Digest>Archives> October 1998

Lone Star Light Refurbished

By Timothy Harrison

Photo by: Pam Cook of Janesville, Wisconsin.

Not used as an active aid to navigation since 1905, the Port Isabel Lighthouse in Port Isabel, Texas is getting a much needed restoration.

Photo by: Courtesy of Port Isabel Chamber of Commerce.



Soon, the lighthouse which has been open to the public as a tourist attraction will again be open for visitors to climb the tower and learn more about an area that is rich in history.



Photo by: Courtesy of Port Isabel Chamber of Commerce.

Port Isabel gained widespread attention when General Zachary Taylor (who later became President of the United States) led an army of occupation down the coastal mainland from Corpus Christi. On nearing Port Isabel he discovered that the Mexican troops were setting fire to the buildings and sent in the Cavalry in time to prevent new fires and extinguish the ones already on fire. Two weeks later the Mexican War broke out.

Port Isabel soon became a hospital city receiving wounded from the battles Palto Alto and Resaca de la Palma. A supply depot was also established here to supply American troops.

After the war, the point continued to supply military installations on the Rio Grande and because of the heavy ship traffic, it was soon necessary to build a navigational aid. Construction of the 60 foot lighthouse began in 1851, and was completed two years later.

During the War Between the States, the lighthouse came under the control of the Confederate States, but as early as 1863, Union troops regained control until the end of the war. It was at nearby Palmetto Ranch that Union and Rebel troops fought a severe battle that took place more than a month after General Robert E. Lee had surrendered at Appomattox. Historians now state that this was the last battle of the Civil War.

Port Isabel soon became a hospital city receiving wounded from the battles Palto Alto and Resaca de la Palma. A supply depot was also established here to supply American troops.

After the war, the point continued to supply military installations on the Rio Grande and because of the heavy ship traffic, it was soon necessary to build a navigational aid. Construction of the 60 foot lighthouse began in 1851, and was completed two years later.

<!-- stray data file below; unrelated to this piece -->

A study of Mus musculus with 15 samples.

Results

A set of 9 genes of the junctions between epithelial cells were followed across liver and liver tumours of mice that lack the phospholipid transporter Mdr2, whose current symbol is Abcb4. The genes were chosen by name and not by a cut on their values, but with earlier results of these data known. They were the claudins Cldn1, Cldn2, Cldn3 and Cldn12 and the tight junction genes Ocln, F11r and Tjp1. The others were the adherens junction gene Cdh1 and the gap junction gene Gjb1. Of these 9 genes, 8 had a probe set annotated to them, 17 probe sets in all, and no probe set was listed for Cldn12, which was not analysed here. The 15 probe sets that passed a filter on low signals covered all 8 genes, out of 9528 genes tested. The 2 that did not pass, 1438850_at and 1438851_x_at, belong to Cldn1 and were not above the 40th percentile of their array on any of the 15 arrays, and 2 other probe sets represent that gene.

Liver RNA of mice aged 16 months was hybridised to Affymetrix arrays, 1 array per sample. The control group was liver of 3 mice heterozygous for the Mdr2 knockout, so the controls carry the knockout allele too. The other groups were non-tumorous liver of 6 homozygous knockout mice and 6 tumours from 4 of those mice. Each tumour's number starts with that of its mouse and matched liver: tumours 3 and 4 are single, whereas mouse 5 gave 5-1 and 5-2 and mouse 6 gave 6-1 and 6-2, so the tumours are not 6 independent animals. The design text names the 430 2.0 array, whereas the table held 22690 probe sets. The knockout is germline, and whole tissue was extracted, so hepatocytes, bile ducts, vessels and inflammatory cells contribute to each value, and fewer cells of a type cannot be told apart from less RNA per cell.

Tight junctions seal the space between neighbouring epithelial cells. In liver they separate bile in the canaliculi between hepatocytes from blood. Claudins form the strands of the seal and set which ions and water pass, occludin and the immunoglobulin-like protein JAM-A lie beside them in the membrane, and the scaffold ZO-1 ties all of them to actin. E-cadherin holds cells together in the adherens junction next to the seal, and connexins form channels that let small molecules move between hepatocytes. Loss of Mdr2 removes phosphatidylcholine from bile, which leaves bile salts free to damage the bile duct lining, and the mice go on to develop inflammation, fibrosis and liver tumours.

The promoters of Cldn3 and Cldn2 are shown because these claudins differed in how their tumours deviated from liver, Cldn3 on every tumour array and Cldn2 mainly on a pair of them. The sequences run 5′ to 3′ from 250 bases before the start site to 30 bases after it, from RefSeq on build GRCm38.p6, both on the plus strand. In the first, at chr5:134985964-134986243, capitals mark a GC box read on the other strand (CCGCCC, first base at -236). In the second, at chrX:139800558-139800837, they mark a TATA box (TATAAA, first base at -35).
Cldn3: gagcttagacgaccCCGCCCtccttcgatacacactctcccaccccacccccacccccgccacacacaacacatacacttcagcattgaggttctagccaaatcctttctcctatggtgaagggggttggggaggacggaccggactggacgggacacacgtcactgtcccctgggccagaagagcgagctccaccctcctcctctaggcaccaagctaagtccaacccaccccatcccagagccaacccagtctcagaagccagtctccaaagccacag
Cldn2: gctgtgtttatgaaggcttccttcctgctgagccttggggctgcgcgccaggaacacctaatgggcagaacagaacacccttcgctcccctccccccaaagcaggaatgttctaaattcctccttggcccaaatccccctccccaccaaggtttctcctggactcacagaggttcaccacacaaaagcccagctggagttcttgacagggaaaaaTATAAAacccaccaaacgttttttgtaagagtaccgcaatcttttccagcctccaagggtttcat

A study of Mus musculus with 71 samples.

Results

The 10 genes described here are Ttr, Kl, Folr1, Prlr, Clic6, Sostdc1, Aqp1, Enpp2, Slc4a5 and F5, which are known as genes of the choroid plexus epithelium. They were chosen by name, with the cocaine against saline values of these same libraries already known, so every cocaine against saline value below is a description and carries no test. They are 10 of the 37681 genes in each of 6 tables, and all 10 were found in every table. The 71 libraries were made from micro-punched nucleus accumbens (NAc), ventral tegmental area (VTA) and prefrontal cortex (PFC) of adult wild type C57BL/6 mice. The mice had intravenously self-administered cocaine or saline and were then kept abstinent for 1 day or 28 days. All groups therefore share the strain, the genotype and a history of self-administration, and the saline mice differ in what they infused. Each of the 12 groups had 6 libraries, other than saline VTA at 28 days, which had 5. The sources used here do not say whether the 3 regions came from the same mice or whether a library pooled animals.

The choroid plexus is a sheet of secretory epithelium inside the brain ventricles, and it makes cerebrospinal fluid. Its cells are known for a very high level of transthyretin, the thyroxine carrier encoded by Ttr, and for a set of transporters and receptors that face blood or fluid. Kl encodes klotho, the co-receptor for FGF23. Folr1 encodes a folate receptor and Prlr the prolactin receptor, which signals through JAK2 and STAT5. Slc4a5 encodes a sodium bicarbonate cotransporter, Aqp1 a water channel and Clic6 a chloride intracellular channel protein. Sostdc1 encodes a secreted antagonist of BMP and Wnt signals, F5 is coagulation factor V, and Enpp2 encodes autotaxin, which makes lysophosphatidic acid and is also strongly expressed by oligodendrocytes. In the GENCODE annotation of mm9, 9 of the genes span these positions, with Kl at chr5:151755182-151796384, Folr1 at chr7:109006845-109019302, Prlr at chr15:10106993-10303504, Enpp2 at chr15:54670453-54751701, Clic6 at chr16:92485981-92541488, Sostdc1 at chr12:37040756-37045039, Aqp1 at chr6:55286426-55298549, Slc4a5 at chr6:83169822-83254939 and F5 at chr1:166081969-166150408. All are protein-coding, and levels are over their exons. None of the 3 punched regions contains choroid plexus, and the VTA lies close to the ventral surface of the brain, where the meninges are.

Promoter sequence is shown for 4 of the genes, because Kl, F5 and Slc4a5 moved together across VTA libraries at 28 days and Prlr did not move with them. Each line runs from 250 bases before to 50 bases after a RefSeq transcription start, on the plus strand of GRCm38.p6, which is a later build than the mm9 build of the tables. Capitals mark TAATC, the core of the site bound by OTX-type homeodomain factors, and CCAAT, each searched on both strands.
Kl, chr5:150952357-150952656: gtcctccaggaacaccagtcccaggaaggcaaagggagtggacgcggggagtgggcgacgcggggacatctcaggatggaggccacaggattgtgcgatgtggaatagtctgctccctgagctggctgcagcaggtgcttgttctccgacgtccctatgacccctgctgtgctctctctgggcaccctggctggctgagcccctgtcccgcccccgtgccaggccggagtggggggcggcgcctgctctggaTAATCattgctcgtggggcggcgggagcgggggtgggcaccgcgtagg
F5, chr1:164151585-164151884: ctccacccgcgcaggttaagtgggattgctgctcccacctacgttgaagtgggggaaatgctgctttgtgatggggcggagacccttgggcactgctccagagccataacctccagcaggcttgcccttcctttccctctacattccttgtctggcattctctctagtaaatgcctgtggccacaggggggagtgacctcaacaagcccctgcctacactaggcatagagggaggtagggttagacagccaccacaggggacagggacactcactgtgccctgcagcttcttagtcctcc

During the War Between the States, the lighthouse came under the control of the Confederate States, but as early as 1863, Union troops regained control until the end of the war. It was at nearby Palmetto Ranch that Union and Rebel troops fought a severe battle that took place more than a month after General Robert E. Lee had surrendered at Appomattox. Historians now state that this was the last battle of the Civil War.

The lighthouse was declared excess property in 1927 and sold at auction for $2760 to J. S. Ford. In 1950, the station was donated by its owners at the time, Mr. & Mrs. Lon C. Hill Jr. and the Port Isabel Realty Company to the State of Texas as an historic site. At that time, the state enlarged the lantern room giving it easier access for the public. Other restoration work took place in 1970; however, the simple wear of time and a build up of moisture in the tower made it evident that repairs were again necessary if the tower was to remain open to the public.

Restoration of the lighthouse is expected to be completed sometime next year, with the lighthouse expected to again open to the public in the summer of 1999.

This story appeared in the October 1998 edition of Lighthouse Digest Magazine. The print edition contains more stories than our internet edition, and each story generally contains more photographs - often many more - in the print edition. For subscription information about the print edition, click here.